Gabe Kapler reveals most important key to MLB success, and it’s not talent


Though talent is certainly a good indicator of how successful an aspiring MLB player will be, or how many games a team will win based on who’s on the roster, it’s certainly not the be-all and end-all in the equation.

If that were the case, it would probably be a lot easier to predict which teams would make it to the playoffs before the season gets underway. Evidently, that’s not the case, seeing as Baseball Prospectus’ PECOTA projections calculated that the Giants would go 75-87 and had a zero percent chance of winning the NL West. Instead, the 2021 Giants just became one of 17 teams in MLB history with 107 wins in a season. Go figure.


“Right now, I feel like the harmony of the clubhouse, the comfort level of the players, the confidence level of the players is the most important thing,” Kapler told Jayson Stark and Doug Glanville on “The Athletic MLB Show” podcast. “And I will say this… if there is one thing that is important in baseball — more important than everything else for performance — it’s not talent at this level. It’s not game planning at this level.

“It’s confidence… just assuming that everybody at the major league level is exceptionally talented, one player’s exceptionally talented without confidence and the guy standing next to him is exceptionally talented with confidence, the guy with confidence is going to succeed.”

That seems like an obvious point, but it’s a little more insightful than you may think. After all, everyone in the big leagues is, like, ridiculously talented. They all made it to the top level of baseball in the world, where only the very best of the best go. And while frustrated fans may blurt out things like, “so-and-so sucks” or “this guy is the worst hitter I’ve ever seen,” the truth is that everyone is really, really, really good. MLB players are objectively insanely good at baseball, and that's all there is to it.


My relationship with my now ex-wife was strained, and I wasn’t coping well. I was 3000 miles away from my family and thinking about them every minute. I wasn’t present. I wasn’t sleeping. I would be standing in the dugout having a full conversation with a teammate, but I wasn’t “there.” I was sick, but I’m confident there wasn’t a player on the team who knew I was struggling. I smiled, I played cribbage, and beneath the surface, I was drowning.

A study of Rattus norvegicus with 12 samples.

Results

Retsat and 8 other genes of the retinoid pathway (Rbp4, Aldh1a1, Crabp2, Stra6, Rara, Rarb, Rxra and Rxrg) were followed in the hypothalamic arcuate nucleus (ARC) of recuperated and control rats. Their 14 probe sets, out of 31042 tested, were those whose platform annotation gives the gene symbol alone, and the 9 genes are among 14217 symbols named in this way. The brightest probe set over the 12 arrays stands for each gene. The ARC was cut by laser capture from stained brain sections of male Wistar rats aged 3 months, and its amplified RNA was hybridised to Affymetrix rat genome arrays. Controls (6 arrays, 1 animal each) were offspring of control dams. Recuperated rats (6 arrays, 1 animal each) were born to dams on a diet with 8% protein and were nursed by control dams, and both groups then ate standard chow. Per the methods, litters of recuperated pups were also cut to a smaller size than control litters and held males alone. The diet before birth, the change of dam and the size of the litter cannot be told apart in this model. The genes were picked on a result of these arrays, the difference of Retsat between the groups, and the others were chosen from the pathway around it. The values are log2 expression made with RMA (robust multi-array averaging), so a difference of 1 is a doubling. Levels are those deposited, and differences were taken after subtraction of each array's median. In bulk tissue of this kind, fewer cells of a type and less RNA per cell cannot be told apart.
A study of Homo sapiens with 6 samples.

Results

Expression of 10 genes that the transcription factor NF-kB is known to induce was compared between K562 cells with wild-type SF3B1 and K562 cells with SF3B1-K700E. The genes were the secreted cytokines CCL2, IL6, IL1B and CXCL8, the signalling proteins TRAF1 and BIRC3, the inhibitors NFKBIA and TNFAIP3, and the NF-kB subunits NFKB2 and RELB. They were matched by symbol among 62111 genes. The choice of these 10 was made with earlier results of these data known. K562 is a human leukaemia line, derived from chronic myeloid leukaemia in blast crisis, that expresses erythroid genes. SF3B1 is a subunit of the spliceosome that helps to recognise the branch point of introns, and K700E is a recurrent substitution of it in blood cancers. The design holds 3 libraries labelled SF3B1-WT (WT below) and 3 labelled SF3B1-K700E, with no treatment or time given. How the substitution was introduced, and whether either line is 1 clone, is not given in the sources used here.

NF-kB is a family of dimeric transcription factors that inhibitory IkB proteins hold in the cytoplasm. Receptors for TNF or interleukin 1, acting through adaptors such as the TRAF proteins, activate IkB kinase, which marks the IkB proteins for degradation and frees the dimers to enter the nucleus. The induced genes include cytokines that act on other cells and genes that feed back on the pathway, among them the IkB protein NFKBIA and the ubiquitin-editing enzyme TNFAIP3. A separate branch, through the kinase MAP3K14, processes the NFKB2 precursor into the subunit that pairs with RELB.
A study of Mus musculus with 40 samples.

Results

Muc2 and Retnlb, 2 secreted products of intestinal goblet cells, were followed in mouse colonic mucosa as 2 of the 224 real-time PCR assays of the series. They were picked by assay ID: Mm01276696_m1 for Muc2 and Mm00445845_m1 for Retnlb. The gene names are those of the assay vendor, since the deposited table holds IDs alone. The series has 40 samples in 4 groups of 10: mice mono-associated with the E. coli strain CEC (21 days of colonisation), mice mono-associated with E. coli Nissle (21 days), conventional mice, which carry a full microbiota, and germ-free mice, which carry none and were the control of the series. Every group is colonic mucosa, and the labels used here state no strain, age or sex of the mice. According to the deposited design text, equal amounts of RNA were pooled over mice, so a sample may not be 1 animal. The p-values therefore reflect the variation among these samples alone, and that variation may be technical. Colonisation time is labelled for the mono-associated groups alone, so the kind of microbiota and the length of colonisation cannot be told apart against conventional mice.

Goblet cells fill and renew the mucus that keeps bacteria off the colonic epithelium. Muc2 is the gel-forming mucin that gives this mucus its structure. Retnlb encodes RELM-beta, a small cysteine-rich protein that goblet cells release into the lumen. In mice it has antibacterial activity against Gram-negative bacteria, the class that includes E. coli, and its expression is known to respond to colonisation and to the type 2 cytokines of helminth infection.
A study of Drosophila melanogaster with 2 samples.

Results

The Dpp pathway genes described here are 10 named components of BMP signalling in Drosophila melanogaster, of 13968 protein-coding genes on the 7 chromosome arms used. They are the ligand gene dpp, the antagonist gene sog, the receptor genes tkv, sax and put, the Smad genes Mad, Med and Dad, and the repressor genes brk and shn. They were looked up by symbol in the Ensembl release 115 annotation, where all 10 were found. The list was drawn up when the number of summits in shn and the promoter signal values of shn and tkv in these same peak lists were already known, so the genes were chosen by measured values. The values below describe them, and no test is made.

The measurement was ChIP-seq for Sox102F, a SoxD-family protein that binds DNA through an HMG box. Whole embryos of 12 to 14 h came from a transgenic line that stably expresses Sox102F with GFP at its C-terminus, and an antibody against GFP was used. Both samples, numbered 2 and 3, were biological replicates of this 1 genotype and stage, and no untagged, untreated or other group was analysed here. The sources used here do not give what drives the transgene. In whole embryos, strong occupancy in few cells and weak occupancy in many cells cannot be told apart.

I was spending all of mental energy trying unsuccessfully to block out the thoughts of not being present for my family and how I could save my marriage. These thoughts were both distressing and distracting on the field and in pregame work. I’ve loved the ballpark nearly every day of my life. In 2010, I hated the ballpark.

Though there isn't a direct mention of confidence here, you can safely assume that Kapler wasn't at his most confident at this point. And it's all related — your state of mind, your happiness, your confidence, your focus — under the general blanket of mental health and psychology.

Sports psychology and mental coaching is a field that has made huge strides in recent decades, and this focus on having the right confidence seems to be a massive part of that, no matter the sport. Why did Ben Simmons fall out of favor in Philadelphia? He sure as heck didn’t seem to be all that confident in himself. Why do certain No. 1 overall picks fall flat, despite stellar college careers and good health, while other players in the double-digit rounds of the draft go on to make All-Star teams? You can chalk a good amount of it up to confidence.

And that’s where you have to wonder if the next major revolution in sports — à la the analytics revolution that took over baseball — is one that focuses on psychology, confidence and the mental approach. For if you can unlock every player’s full potential in that aspect of their game, just how high can the ceiling be? Perhaps that’s what Kapler has begun to unlock in San Francisco, and a 107-win season as a result should certainly — and appropriately — inspire even more confidence.